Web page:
Chair Beside a Window
In his one and only recorded interview – done with John Trubie for Spin in 1985 – The Representative From Corwood Industries / Jandek / Sterling Smith said that he felt he had to release at least two albums every year in order to prevent his music from being forgotten. In the same interview he also said that he’d sold 9 copies. “Of the latest one?” “No, of all of them” he replies, meaning 9 copies in total of ten albums in a period of seven years (he talks of Nine-Thirty being the new one). Yet, amazingly, this tactic would eventually pay off. Throughout the 80’s Jandek released a huge amount of material, sending them to record stores, college radio stations, the independent press etc. The music – sometimes eerie and quite, other times discordant and loud (like the opposite states of manic depression) – coupled with his deliberately cultivated anti-image (no other interviews, no live performances, almost no personal information known, no guest presenting spots on MTV’s 120 Minutes) helped to create a mysterious aura that generated all kinds of rumours about the man behind it all. One story I like is that the first 19 albums were all recorded in a very short space of time – possibly as a form of therapy for a manic depressive – and that when they had all been released that would be the end (this was dispelled by album number 20, One Foot In the North, in 1991).
Eventually the mystery of Jandek became self perpetuating – and still exists to an extent despite his decision to start playing live in 2004. Jandek has gone from a marginalized artist that few cared about or understood to something well respected and revered – in certain circles at least. However, his vast discography can be problematic for anyone new to him. Many albums contain a few vital songs, surrounded by filler and throwaways. Chair Beside a Window, the 4th album, varies in quality, but contains some of Jandek’s greatest works along the way.
The album opens with the remarkable ‘Down In a Mirror’. The first verse sets up the song perfectly: “We can’t deny, there’s spirits in this house. You shut the door, the wind closes two more”. The faint percussion sounds like eerie footsteps in an abandoned house, as Sterling’s acoustic guitar somehow finds a midpoint between dissonant twang and forlorn jangle. Then there’s the voice. He sounds so completely alone, torn between a need for solitude and a desperate loneliness. For me, it may well be the man’s finest ever recording.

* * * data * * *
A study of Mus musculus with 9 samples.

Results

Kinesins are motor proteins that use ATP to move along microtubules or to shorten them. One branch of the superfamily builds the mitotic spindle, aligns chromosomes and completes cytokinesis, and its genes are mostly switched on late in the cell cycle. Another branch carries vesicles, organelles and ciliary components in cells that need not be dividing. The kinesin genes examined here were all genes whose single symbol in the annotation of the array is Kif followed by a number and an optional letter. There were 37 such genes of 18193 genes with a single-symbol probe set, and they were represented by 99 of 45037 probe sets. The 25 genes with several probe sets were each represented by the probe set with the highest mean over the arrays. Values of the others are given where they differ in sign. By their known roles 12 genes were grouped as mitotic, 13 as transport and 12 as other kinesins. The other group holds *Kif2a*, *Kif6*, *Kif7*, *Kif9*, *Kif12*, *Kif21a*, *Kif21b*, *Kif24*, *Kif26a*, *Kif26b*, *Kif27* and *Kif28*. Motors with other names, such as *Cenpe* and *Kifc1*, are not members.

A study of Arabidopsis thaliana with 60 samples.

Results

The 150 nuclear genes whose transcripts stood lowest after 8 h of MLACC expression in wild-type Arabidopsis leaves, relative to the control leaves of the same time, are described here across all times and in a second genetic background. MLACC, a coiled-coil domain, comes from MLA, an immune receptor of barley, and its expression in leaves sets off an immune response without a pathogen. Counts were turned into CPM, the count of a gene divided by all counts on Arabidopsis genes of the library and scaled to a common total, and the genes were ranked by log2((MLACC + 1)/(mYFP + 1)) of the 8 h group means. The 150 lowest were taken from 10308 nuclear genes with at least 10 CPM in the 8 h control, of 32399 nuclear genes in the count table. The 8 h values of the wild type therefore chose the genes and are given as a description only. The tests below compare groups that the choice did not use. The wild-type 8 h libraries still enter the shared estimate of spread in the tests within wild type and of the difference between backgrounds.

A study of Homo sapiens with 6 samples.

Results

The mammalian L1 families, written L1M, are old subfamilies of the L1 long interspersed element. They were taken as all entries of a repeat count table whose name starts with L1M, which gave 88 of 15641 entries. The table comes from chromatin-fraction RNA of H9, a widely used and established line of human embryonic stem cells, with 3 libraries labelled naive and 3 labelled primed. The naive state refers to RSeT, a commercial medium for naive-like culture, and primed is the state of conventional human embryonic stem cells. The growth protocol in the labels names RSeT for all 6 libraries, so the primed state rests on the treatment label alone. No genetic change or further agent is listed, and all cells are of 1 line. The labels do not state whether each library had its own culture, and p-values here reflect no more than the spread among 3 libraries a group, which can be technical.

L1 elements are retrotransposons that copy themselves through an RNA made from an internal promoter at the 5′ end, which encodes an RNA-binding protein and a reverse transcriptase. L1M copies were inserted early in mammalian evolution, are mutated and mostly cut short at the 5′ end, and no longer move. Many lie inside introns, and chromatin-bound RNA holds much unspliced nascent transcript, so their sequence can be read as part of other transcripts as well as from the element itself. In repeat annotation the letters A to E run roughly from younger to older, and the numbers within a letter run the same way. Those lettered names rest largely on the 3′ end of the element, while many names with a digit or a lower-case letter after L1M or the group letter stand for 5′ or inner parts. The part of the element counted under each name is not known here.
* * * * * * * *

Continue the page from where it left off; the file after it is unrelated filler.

This delicately sombre atmosphere is then completely obliterated by the careening rock action of ‘European Jewel’. Picking up where the “incomplete” version from 1978’s Ready For the House left up, with pounding drums, Velvet Underground and Nico sounding guitar and even a bass solo. It’s thrillingly loose and another great moment.
On ‘Nancy Sings’, the album’s other high-water mark, Sterling slowly and methodically plucks an acoustic guitar while Nancy beautifully sings about nature in a voice as sharp and clear as glass. (side note: I’ve only ever heard the remastered CD version and I’ve always wondered why there are a couple of noticeable sounding edits in this song. Apparently you could hear a motorbike outside on the original vinyl release. Sterling alludes to this in the John Trubee interview, but says he doesn’t want to mention which song this is on. I think he was probably testing Trubee seeing as he’d already told Sterling earlier in the interview how much he liked ‘Nancy Sings’. The remaster also omits the line “smoking cigarettes” from ‘Blue Blister’ for some strange reason, leaving the song with just a single line of lyrics.)
Elsewhere Nancy randomly tells Janky he’s “nuts” and “a jerk” on ‘No Break’, which doesn’t stop him from getting uncharacteristically soppy on ‘Love, Love’ and the spirit of Nick Drake is seemingly channelled on ‘Poor Boy’. If you’re looking for somewhere to start your Jandek adventure, this is as good a place as anywhere.
A footnote: in April 2012 me and a friend went to see Jandek play at a small church in Manchester. Afterwards my friend casually chatted to him about the gig and previously live performances. Turns out he’s just a man who happens to make interesting music. Who would’ve thought it?